Review: Kindle for Windows Phone


I am a big eBook reader and, as such, the whole Amazon Kindle project has a lot of fascination for me. Tapping into an eBook application, with a full store behind it and a significant number of printed books available for instant purchase and download... What's not to love? Well it is a bit of a closed shop on Windows Phone, but that quirk aside, there's little to fault Kindle on Windows Phone.

Author: Amazon


 Amazon Kindle for Windows Phone Amazon Kindle for Windows Phone 

You also have the archive, which essentially is your bookshelf in the cloud. All your purchases can be found in there, and you can take a copy of any of them onto your phone. This means that people with a large collection of books don't need to fill up their handset, perhaps just taking a few books for a trip. And when you get back into coverage, it's a simple matter to grab some more.

On launching the application, Kindle for Windows Phone will sync itself to your Amazon account, so a book purchased on one Kindle, be it an application, physical device, or through the Amazon Store in a browser, will be available on your phone. I also love that if you have been reading a book on another device (such as my Galaxy Tab 7) you are offered the chance to jump to the last page you read on the other device. A nice touch, and the idea of picking up "my book" on any device and being able to start reading is a small but welcome touch.

 Amazon Kindle for Windows Phone Amazon Kindle for Windows Phone

Reading is comfortable as well. The albeit limited palette of colours (black on white, black on sepia, or white on black) keeps the feel of a book. Font size can also be selected and you can turn the brightness down in the Kindle app, which is handy at night time.

Once you're into your book, all the UI furniture gets out the way and lets you get on with the simple process of reading, You can swipe the pages left and right, although just a tap on the left or right hand side of the screen is enough to turn a page. Tap in the middle and a progress bar slides in, with the thin menu bar appearing at the bottom of the screen for the aforementioned settings.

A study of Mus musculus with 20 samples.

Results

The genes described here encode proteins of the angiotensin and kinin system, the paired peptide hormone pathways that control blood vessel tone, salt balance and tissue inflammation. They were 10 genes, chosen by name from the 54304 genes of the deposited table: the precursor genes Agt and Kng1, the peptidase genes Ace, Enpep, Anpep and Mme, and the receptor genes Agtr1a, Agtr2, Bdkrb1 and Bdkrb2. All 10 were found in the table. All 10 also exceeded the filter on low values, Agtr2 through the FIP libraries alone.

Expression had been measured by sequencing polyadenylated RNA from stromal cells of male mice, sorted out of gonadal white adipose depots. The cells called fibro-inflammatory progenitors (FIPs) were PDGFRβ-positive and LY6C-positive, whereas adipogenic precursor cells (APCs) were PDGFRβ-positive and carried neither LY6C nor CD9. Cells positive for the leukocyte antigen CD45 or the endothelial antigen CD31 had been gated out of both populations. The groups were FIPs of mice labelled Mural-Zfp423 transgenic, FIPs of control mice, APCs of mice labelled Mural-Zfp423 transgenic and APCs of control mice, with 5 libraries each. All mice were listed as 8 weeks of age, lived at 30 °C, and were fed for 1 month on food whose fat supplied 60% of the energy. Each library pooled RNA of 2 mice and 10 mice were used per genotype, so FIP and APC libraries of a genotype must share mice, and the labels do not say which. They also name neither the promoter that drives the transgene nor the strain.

Probably the most interesting part of the app (at least for Amazon!) is the store. You can click through to what appears to be an HTML5 powered store in a browser window. A search dialog lets you start the hunt for the perfect bit of reading material to grab for your phone. Having the content to back up an eBook reader cannot be overlooked, and even though this is Amazon Kindle, it's nice to see that it works, both to browse and to have it pushed to the Windows Smartphone and available in moments.

 Amazon Kindle for Windows Phone Amazon Kindle for Windows Phone

The pricing of eBooks is a little bit outside the scope of this review - I still feel a little aggrieved when I can see a copy of "Where Eagles Dare" on my bookshelf, and have to cough up the cover price of £4.99 again just to have the words on my smartphone screen. But there is one thing I do want to raise - in terms of user input.

There are two types of Kindle implementation for a smartphone. The first is the "locked to Amazon" model, where the only way to get content into the system is through syncing with your Amazon account. You can't hook up to your computer, you can't use the Kindle PC software, it's literally whatever you can squirt over the internet. Which is fine if you just want to buy stuff, but for putting  on your own eBooks, PDFs or texts, this version of Kindle fails. The second type, where you can see the file system on the smartphone and drop your own content into the Kindle directory, is far more flexible... and not on Windows Phone. Yes, this is the closed model.

Now I understand the technical reasons for this, both from Amazon's point of view and the Windows Phone OS details... but that doesn't mean I have to like it.

Still, that quirk aside, Kindle for Windows Phone allows me to read books the way I want them to be read - quickly and easily, and with as little fluff as possible getting in the way. If I could copy my own books into the system (even via Amazon's own server - something I can't do with just my PC and the smartphone) then I'd be over the moon. As it is, 'very very excited' will have to do, I'll just knock off one percentage point for not allowing user generated content, and another for not implementing fast task switching. 88% it is, then.